The great debate on climate change rages on and both sides sometimes make fools of themselves. Often my homies on the far left exaggerate scientists’ predictions to make Climate Change sound scarier than it really is. Alternately, the folks on the far right like to publish articles about scientists who don’t believe in human-caused global warming. Of course a lot of these discussions take place on the internet. One person will share a link to an article claiming the world will end, the other will provide a link to a scientist who claims it’s a hoax and so on. If you make a google search for what you believe you will find a seemingly legitimate article to validate your opinion. But where do scientists really stand on the issue? I intend to look at as many sources as I can find to really quantify the scientific discussion on climate change then we’ll talk about what it all means.
Academies – since 2001, 34 national scientific academies have made statements confirming manmade climate change and urging governments and people to reduce carbon emissions. Five scientific academies have made no official statement on the subject. The American Association of Petroleum Geologists dissented from this position until 2007 when they updated their official stance to qualified agreement.
Climate Journals – In 2004 Naomi Oreskes looked at 928 peer reviewed journals on climate change. She found that 75% implicitly or explicitly endorsed anthropogenic climate change and 25% took no position.
American Meteorologists and Geophysicists – in 2007, 489 randomly selected members of relevant science institutions were surveyed. 97% believe the earth is warming, 84% believe that humans cause it.
Global Climate Scientists – In 2008, 2058 climatologists were asked their opinion on anthropogenic climate change occurring. 67.1% agreed very much, 26.7% agreed to some large extent, 6.2% agreed to some small extend, 0% disagreed.
Climatologists vs. earth scientists – In a survey from the University of Illinois of 3146 scientists, 90% agreed that the earth was warming and 82% agreed that humans greatly influenced global climate. Of the 79 climatologists surveyed, 76 (96%) agreed that humans cause climate change.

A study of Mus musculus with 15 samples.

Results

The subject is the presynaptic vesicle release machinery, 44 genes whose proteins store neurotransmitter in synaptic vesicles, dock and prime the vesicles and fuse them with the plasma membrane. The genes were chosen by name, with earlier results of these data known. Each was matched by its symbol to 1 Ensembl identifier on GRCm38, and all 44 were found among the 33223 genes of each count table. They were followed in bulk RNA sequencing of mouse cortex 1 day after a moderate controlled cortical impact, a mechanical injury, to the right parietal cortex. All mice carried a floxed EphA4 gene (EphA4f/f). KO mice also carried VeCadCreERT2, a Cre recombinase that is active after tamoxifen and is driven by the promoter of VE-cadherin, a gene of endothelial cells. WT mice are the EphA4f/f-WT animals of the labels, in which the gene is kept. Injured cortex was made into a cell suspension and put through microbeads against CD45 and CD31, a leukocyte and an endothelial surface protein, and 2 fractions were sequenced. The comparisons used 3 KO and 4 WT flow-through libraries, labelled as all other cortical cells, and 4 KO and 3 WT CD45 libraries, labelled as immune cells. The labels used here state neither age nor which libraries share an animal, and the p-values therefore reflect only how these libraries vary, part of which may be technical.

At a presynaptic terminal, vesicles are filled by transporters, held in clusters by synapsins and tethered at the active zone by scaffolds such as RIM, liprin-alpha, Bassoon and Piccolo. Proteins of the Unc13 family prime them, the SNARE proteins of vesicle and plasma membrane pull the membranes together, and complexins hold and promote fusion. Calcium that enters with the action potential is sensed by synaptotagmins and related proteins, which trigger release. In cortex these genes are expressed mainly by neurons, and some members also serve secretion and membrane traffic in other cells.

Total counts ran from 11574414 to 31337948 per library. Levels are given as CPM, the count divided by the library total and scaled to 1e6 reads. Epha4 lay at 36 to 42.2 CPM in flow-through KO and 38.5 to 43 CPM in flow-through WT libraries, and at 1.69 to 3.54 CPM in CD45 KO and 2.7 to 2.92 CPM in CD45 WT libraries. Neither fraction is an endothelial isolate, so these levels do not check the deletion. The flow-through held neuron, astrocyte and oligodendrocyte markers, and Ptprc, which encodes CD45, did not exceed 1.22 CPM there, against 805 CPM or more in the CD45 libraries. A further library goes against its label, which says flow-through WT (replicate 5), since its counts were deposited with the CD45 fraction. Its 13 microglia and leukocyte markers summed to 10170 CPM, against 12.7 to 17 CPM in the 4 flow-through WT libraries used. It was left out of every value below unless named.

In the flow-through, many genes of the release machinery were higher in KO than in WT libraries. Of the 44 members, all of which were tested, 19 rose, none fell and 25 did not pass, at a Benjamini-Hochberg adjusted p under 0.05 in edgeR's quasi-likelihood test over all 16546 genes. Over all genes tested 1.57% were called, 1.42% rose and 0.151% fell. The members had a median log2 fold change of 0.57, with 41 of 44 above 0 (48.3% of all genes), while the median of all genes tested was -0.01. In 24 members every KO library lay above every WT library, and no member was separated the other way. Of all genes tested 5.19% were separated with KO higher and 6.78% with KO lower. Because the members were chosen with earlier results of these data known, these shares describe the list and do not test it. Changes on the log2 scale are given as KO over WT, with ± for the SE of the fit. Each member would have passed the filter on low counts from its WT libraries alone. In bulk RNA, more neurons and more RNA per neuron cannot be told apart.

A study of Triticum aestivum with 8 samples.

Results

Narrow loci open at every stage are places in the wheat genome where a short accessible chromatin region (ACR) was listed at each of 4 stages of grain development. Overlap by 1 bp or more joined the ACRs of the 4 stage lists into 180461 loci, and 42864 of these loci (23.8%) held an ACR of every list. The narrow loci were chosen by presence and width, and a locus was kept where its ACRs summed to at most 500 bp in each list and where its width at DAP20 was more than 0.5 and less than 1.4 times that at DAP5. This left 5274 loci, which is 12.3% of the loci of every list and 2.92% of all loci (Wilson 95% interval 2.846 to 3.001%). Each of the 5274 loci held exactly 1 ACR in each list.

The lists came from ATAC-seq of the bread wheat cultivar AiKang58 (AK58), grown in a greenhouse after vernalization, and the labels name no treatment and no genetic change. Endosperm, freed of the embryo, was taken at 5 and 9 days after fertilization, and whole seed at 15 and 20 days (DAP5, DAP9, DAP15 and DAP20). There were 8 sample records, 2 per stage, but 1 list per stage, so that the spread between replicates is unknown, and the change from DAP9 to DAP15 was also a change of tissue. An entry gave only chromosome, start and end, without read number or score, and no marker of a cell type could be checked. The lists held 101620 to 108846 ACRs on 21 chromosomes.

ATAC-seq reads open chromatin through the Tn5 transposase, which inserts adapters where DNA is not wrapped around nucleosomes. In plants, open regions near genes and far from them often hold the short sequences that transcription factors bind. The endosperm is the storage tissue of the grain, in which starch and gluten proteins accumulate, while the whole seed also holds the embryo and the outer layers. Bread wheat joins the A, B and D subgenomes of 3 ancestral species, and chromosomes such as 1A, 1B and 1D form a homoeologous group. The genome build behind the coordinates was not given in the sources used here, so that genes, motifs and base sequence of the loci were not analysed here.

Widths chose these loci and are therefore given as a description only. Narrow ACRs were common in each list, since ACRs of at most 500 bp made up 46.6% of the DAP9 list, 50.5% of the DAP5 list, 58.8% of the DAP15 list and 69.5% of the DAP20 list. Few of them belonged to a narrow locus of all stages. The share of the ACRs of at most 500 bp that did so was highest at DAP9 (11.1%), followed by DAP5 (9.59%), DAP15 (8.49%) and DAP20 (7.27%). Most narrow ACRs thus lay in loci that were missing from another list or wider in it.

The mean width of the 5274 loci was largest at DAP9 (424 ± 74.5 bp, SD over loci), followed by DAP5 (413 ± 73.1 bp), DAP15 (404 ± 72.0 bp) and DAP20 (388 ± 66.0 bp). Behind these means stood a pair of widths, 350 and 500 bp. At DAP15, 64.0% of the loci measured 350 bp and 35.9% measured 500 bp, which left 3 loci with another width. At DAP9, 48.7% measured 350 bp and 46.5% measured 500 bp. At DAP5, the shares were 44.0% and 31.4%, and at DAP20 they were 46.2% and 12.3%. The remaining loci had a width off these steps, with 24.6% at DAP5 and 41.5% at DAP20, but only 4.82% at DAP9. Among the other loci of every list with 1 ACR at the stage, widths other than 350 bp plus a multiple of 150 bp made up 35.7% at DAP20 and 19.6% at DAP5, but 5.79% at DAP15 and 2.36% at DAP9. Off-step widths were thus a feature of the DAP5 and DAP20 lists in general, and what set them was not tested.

National Academy of Sciences – A 2010 survey found that 97% of scientists believe in anthropomorphic climate change and that the 3% had far less expertise on the subject than the majority.
Journals About Climate Change – 13950 peer reviewed scientific journals with 33690 authors all with the keyword climate change were surveyed. 24 papers rejected man-made climate change (1 in 581) and those papers had 34 authors (1 in 1000)
Association of Professional Engineers, Geologists and Geophysicists of Alberta – 36% believe in human-cause global warming, 24% believe climate change is natural, 17% believe it may be man-made but poses no risk, 10% believe it may be man-made but stopping it is not economically feasible, and 6% believe it may be man-made and poses some risk to people.
While all this data is far from a consensus, a few interesting trends emerge. Not all scientists are equally qualified to judge climate data. In fact, public, peer reviewed research is the only data that matters. There is however a clear divide between the opinion of scientists generally and climatologists. So how does the opinion change as expertise increases?
About 53% of Americans think climate change is a threat to them.
I guess that 80-90% of scientists generally believe in man-made climate change.
Over 95% of climatologists believe in man-made climate change.
Finally 99.83% of peer reviewed articles on the subject of climate change accept it.
So what does it mean that the more you know about global climates the more likely you are to believe in man-made climate change? Well it could be a huge conspiracy that all the scientists are in on. It could be that all climatologists own shares in solar-panel manufacturing companies and the whole thing is a money-making plot. Or, it could be that it’s true and the people who spend their lives researching it know more than the people who don’t. Frankly I don’t care what engineers or biologists or doctors think about climatology. I don’t care that over 30 000 American scientists signed a petition dissenting from the majority opinion since apparently only 34 of them have had anything published on the subject since 1991 and there are over 12 million American Scientists.But how could the public be so misinformed on the subject?
Well in the USA nearly 120 million dollars was given to 102 think tanks mostly by conservative business leaders. The think tanks work to undermine the consensus but not by funding research or publishing papers, they do it by funding documentary films, TV commercials, and websites. That’s why the public opinion is divided and the expert opinion is not.
Every available data set shows the same thing: the more qualified you are to speak about climatology, the more likely you are to believe in man-made climate change. The news would have you think that it’s a matter of opinion and that scientists are divided. They are not. And the scientists who don’t agree are as qualified to speak on the subject as an astronomer is to do brain surgery. The proof is in the pudding. For every peer reviewed article you can show me to prove that climate change is not real I can produce 581 that say it is. Not exactly a Mexican stand-off if you catch my drift.
It is up to the deniers to explain why the experts are so united on one side of the debate, and why the literature is so one-sided. And if they think I’ve chosen only statistics that serve my end, i’d like to see a survey of climatologists that shows otherwise.
My question to you: do you think the media fairly represents the scientific view on climate change?